I think that there are too many out there that give up on backpacking and camping in general because of the colder winter months. As great as backpacking in the warm summer months is, jumping into ice cold lakes in the warm summer sun and everything else that comes with great summer hiking, winter definitely has it's advantages as well! Here are a few reasons why I love backpacking in the winter so much;

1st- you'll likely have wherever you go all to yourself because others don't like camping in the snow.

2nd- I have experienced some of the most amazing sunrises and sunsets while camping in the winter. Try to time a trip a day before a weather system is expected to move in, you'll likely see some pretty epic colors!

These are just a couple of the reasons why I like camping in the winter, but there are many many more good reasons to get out even when it's cold! If you do want to brave the cold and get out there, I want to help you do so and be as comfortable and safe as possible! Below is a list of some tips I've put together that I've learned over the years that enable me to enjoy sometimes very cold winter backpacking trips.

- One of the most important parts of hiking in general but even more so when it's cold is to dress in layers. The last thing you want to do is to wear a t-shirt and a big heavy jacket while you hike. What will more than likely happen is that you'll sweat, and then once you stop you'll quickly become cold and your warm jacket will be wet as well giving you little relief from the cold. Bringing a few layers of different thicknesses, from thin super breathable long sleeve shirts to warm down jackets that you can take on and off will go a long ways to helping you stay comfortable while hiking or hanging out at camp.

- Food is another big thing to help keep you warm. When you eat your body has to start breaking that down to create energy, this will in turn start to heat you up. So not only will a hot meal (I typically eat dehydrated meals) taste really good after a long hike, but it does wonders to warm you up. Try to eat again, a little snack, just before going to bed as this will help warm your body up and will also help warm your sleeping bag up.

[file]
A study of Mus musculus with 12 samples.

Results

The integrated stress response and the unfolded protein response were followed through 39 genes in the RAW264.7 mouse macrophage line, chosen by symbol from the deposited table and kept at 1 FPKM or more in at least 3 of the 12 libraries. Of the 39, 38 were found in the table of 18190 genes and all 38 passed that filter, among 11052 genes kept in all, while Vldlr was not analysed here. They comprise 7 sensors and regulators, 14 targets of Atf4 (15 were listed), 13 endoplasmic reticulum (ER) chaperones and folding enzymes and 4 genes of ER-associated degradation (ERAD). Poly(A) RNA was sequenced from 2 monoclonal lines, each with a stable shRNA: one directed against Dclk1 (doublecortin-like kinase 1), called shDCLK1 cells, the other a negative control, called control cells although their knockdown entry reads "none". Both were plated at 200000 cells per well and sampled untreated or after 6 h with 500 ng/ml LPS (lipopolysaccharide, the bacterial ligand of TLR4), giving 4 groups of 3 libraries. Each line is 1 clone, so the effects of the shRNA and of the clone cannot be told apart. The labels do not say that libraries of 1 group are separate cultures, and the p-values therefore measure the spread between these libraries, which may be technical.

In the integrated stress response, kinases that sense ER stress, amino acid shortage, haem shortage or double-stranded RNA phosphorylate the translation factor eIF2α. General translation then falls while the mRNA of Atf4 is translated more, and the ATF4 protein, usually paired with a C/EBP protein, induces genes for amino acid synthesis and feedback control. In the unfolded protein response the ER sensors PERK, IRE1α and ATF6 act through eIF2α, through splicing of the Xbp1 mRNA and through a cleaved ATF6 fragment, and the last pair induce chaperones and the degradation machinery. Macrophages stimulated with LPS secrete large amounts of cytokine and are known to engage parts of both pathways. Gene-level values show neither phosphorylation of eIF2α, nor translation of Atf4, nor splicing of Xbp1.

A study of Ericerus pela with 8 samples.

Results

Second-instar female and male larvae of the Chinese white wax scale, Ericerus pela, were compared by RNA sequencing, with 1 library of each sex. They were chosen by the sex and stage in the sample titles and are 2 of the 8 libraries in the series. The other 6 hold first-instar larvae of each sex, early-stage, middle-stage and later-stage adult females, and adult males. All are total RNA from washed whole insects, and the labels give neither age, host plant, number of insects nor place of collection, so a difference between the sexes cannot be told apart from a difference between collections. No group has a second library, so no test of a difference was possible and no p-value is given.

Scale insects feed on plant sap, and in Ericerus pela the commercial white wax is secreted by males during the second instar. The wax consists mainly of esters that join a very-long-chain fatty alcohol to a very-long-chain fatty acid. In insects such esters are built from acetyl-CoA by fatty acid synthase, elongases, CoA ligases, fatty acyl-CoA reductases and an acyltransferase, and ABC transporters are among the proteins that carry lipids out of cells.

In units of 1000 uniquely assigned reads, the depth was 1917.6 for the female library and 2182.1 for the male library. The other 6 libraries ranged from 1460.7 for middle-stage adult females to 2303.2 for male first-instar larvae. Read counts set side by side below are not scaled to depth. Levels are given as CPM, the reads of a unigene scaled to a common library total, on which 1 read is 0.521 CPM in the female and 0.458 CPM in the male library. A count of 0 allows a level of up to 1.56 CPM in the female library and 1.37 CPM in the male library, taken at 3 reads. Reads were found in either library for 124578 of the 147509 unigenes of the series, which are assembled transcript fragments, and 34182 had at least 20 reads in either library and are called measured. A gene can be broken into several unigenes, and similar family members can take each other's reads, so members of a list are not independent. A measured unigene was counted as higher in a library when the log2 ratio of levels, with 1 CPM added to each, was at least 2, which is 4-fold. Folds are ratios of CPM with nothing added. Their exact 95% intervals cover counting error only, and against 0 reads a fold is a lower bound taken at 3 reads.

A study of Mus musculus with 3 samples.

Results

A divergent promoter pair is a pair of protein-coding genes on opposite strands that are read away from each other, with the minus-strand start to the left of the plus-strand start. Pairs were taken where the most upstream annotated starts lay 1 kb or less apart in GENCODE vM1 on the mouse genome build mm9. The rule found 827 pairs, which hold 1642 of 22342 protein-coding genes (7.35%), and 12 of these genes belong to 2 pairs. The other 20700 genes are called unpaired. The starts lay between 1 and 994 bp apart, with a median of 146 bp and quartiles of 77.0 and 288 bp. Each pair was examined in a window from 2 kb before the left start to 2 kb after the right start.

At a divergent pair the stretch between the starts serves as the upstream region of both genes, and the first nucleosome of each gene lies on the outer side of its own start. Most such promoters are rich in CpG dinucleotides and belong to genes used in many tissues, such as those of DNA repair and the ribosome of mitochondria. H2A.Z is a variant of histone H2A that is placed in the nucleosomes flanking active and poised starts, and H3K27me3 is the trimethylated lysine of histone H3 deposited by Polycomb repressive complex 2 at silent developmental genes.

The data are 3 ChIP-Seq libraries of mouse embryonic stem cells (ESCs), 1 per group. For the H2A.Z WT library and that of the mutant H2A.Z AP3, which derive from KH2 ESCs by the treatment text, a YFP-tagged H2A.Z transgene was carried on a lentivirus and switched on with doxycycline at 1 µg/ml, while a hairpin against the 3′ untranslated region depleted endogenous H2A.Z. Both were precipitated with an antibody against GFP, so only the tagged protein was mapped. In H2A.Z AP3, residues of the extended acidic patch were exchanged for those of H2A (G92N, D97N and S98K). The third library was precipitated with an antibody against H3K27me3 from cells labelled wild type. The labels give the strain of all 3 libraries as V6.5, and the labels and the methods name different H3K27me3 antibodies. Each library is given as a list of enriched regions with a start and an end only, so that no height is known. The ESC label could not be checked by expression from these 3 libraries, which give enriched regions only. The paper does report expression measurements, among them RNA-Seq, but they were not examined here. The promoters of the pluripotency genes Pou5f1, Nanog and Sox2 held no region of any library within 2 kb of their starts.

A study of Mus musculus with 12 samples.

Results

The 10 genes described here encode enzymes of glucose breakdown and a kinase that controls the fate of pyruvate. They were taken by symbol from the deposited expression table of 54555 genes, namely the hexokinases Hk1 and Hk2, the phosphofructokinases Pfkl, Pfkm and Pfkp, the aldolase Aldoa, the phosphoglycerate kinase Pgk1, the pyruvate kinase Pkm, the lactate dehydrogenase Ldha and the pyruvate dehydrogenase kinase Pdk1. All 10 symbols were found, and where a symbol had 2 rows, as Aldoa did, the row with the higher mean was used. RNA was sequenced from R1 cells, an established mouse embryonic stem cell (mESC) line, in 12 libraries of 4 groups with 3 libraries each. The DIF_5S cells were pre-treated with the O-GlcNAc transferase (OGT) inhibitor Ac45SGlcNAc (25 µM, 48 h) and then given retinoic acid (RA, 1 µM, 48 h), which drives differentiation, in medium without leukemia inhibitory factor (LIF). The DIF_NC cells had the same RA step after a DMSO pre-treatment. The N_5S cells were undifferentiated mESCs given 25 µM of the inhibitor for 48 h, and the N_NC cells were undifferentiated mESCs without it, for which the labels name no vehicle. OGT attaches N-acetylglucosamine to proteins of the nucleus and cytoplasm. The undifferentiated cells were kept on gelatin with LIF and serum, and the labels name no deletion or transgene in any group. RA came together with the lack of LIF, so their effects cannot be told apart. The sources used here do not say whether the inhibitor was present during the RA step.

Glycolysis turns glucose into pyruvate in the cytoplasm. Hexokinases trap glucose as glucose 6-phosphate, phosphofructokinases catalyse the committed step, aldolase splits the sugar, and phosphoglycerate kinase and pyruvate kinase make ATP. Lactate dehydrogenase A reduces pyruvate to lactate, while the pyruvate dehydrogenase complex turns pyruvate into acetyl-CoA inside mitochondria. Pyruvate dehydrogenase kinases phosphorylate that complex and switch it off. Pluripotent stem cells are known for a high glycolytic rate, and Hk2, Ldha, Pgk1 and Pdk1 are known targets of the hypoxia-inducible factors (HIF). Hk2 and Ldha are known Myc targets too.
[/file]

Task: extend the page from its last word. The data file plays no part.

Also bring something hot to drink! I typically will bring some sort of decaffeinated tea to sip after I've eaten dinner while I'm hanging out with friends, and depending on the tea I might add a little whiskey (shhh) ha! Here's a cool idea too, if you find yourself in a pine forest or at least near some pine trees, get yourself a large handful of needles straight off the tree, and put them in your cooking pot with some water. Bring the water to a boil and then let it steep for about 5 minutes, it makes some delicious tea and has twice the amount of vitamin C than orange juice (thanks for that tip Bear Grylls :)

- Ok, it's time for bed and the fear of sleeping in below freezing temps starts to scare you a bit, don't worry! Just follow these steps and you'll do great!

- Make yourself a crotch bottle ( sorry for the name lol). This is simply a water bottle filled with really hot water that you can heat up real quick with your stove. Pour the hot water into a water bottle that can handle hot water, a Nalgene or similar will work great! Then put your bottle in between your legs. This will stay warm for hours and will do wonders to heat your body up and your bag!

- Hand and toe warmers are a must! They are super light and are a god send to keeping your hands and toes warm both in your bag or in the late evening and early morning.

- Do jumping jacks!! No, I'm being serious ha! If you get into your bag freezing, it's going to take much

longer for your sleeping bag to do it's job which is radiate your heat back at you! So do 20 or more jumping jacks just before getting into bed. It'll warm you up and quickly warm your bag up.

- The last and most important bit of info is to get yourself a high quality, warm bag and sleeping pad. None of the other tips are going to work out that great if you're laying on the snow along with a 40 degree bag. At minimum for winter camping you should have a 20 degree bag and maybe a liner that will give you another 10 or so degrees of warmth if the temps really drop. You'll also need a thick sleeping pad with a good R-value that will help keep the cold from the snow below you from finding it's way onto your back, stealing all your warmth away.

- Another important piece is camp placement. Try to find a spot to pitch your tent out of the harsh winter winds. Those winds can quickly drop the temp, and make your time there not so much fun. If there aren't any good spots behind trees or or other natural wind blocks try digging into the snow with the snow shovel you brought. Dig a spot big enough for your tent from just a couple feet down to a few feet down depending on the terrain and what's needed for conditions.

I really hope that these tips will help you and encourage you to get out and try some winter camping, there really is something magical about it! Happy warm camping!!